23 December 2019CopyrightSarah Morgan

Michael Jackson estate and Disney end documentary dispute

The estate of late singer Michael Jackson has settled its copyright clash with the Walt Disney Company and its subsidiary ABC over the two-hour documentary “The Last Days of Michael Jackson”.

Back in May last year, the estate claimed that the TV documentary about Jackson used his music and footage without a licence in a suit filed at the US District Court for the Central District of California, Western Division.

At the time, the estate claimed that the documentary didn’t focus on Jackson’s last days (as the title suggested), but instead gave a “mediocre” insight into his life as an entertainer.

Michael Jackson’s estate alleged that the documentary had used 30 different copyright-protected works without permission, including songs such as “Billie Jean”, “Beat It” and “Don’t Stop ‘Til You Get Enough” and parts of music videos, including “Thriller” and “Black or White”.

“Unable to make a compelling presentation about Michael Jackson on its own, Disney decided to exploit the Jackson estate’s IP without permission or obtaining a licence for its use,” said the suit.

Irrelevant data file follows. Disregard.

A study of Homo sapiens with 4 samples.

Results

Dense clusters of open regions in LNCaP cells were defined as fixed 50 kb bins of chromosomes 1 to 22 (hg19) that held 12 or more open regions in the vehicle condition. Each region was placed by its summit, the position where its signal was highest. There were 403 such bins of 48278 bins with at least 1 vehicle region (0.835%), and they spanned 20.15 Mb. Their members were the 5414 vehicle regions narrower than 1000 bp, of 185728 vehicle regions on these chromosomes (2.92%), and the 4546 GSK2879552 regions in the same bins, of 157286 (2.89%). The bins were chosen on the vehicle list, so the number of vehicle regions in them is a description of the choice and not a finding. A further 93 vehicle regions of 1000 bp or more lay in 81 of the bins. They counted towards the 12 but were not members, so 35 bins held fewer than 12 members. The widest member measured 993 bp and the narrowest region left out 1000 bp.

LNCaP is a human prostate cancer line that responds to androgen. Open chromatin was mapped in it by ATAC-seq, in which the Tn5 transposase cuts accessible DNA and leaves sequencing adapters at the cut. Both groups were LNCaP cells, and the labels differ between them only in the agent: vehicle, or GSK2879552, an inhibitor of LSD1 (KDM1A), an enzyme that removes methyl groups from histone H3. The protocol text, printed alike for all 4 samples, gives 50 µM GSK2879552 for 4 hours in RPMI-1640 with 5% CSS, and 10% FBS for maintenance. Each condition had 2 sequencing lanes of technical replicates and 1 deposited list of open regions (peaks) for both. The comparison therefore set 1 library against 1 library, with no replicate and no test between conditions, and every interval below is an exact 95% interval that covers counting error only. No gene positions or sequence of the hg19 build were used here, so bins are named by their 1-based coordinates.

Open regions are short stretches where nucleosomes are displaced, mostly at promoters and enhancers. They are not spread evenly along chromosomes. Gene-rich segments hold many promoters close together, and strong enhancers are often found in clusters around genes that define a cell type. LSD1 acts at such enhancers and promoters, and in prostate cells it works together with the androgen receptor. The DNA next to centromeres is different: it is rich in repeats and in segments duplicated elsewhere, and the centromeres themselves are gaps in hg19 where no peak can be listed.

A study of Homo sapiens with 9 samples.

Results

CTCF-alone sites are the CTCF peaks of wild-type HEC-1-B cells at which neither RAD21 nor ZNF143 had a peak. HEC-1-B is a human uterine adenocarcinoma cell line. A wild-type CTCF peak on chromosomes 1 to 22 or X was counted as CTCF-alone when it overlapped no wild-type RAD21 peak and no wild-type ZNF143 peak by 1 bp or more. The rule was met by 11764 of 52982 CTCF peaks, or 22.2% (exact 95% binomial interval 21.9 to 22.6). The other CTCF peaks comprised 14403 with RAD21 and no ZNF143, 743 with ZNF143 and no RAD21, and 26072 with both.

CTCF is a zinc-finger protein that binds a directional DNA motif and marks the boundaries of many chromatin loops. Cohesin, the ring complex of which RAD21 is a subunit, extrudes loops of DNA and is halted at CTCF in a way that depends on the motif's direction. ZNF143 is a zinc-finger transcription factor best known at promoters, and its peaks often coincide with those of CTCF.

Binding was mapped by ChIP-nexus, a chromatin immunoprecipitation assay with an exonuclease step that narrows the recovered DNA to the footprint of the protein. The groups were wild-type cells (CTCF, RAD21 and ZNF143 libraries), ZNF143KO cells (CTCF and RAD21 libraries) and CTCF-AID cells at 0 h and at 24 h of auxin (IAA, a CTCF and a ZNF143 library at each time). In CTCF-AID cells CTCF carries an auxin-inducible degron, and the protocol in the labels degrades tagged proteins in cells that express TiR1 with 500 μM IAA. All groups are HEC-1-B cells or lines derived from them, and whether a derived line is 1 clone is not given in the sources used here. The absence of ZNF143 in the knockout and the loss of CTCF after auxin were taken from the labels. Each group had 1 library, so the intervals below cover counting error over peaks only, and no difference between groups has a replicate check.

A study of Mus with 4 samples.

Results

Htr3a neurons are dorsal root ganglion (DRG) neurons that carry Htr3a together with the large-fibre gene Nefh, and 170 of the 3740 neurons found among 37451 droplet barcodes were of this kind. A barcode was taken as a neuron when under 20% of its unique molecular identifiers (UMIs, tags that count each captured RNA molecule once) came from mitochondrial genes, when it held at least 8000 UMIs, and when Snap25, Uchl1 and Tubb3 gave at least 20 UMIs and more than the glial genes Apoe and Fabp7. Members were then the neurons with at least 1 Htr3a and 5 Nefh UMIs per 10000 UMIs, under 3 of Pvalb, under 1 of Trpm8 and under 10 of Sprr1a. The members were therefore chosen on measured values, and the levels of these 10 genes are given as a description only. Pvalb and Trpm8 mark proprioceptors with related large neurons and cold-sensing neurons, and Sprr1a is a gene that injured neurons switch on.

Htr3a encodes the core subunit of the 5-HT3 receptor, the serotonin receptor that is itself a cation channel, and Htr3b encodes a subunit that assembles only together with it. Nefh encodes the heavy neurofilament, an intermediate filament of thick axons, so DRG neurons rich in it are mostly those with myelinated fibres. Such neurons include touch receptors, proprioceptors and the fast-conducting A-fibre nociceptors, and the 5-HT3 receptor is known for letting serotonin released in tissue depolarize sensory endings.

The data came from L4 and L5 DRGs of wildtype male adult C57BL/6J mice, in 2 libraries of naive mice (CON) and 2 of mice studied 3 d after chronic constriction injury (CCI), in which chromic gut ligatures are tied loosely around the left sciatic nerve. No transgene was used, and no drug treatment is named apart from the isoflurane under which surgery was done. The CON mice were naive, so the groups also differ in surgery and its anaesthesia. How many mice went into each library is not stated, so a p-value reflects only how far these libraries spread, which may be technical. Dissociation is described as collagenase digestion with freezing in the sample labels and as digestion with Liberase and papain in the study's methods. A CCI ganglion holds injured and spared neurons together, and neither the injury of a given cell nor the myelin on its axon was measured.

The estate learned that the documentary trailer would feature copyright footage two days before it aired, according to the suit, and subsequently contacted Disney, which removed the copyright-protected images “as a courtesy”, according to the claim.

However, Disney also said it would use small portions of protected music in the documentary and that this use was fair.

On Wednesday, December 18, the parties filed a joint stipulation to dismiss the dispute with prejudice. The details of the settlement haven’t been revealed.

This isn’t the first time this year that Disney has been involved in a copyright-centered development.

In November, WIPR reported that viral GIFs of a new Star Wars character, The Child (nicknamed Baby Yoda) were reinstated on GIF sharing site Giphy after being temporarily removed over alleged copyright concerns.

Baby Yoda stars in the new Disney+ series “The Mandalorian”' and GIFs of the character have been widely shared on social media since Disney launched its streaming service in November.

Giphy soon removed GIFs of Baby Yoda, with news outlets reporting that they were removed for copyright reasons by Disney.

But, in its statement to WIPR,Giphy clarified that Disney was not responsible for the takedown, and rather it had removed the posts due to “confusion”  about their legal status.